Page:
If you and your husband or wife have a history of disagreeing, you may not be able to reach a divorce settlement that is acceptable to each of you. With a contested divorce, you ask a judge to weigh in on the division of marital assets, spousal support, child custody, child support or other divorce-related matters.
Because you may not be able to predict what a judge may do, contesting a divorce always has some risk. Still, if you disagree with the judge’s decision, you likely have a right to appeal it. With an appeal, you ask a higher court to look at the record and determine if the trial judge made some legal or factual error.
Grounds for your appeal
Many Washingtonians believe simply disliking a judge’s order is sufficient for filing an appeal. Regrettably, this is not the case. To support your appeal, you must argue one or both of the following:
- The judge considered irrelevant facts, misunderstood the facts or refused to hear material facts.
- The judge misapplied the law when making his or her decision.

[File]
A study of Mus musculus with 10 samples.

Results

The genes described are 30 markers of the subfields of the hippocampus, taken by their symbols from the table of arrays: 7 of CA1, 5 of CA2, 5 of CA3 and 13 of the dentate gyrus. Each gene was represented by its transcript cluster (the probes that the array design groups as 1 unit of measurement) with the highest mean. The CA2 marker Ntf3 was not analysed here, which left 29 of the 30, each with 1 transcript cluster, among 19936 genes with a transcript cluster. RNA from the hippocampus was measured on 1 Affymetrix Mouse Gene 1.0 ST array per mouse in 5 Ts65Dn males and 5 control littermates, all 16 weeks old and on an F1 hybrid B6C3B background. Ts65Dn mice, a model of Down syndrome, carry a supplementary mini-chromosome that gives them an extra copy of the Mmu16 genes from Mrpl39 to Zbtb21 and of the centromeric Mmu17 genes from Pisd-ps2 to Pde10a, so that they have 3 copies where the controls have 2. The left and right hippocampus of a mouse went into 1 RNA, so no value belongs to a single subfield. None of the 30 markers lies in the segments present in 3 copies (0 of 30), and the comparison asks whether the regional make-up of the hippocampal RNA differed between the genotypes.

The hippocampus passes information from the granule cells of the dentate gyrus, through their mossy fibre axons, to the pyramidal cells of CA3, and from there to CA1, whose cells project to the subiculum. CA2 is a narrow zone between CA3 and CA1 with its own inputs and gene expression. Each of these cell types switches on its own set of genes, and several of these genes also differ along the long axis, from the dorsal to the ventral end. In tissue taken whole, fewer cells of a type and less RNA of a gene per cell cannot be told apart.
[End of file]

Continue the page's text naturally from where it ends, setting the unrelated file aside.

While most permanent orders in family law cases are appealable, you may also be able to appeal a temporary order or a judicial action that occurs during your divorce proceedings. Because the appellate procedure is incredibly complex, you may need legal counsel to determine whether you have grounds to file a nonfrivolous appeal.
A strict time frame
Finality is a basic tenet of American jurisprudence, so you do not have forever to appeal your divorce order. In Washington, you likely must file a notice of appeal within 30 days of the order. The same may be true for temporary errors.
Ultimately, if you have grounds to support your appeal, acting quickly to ask an appellate court to hear the matter may boost your odds of securing the outcome you want.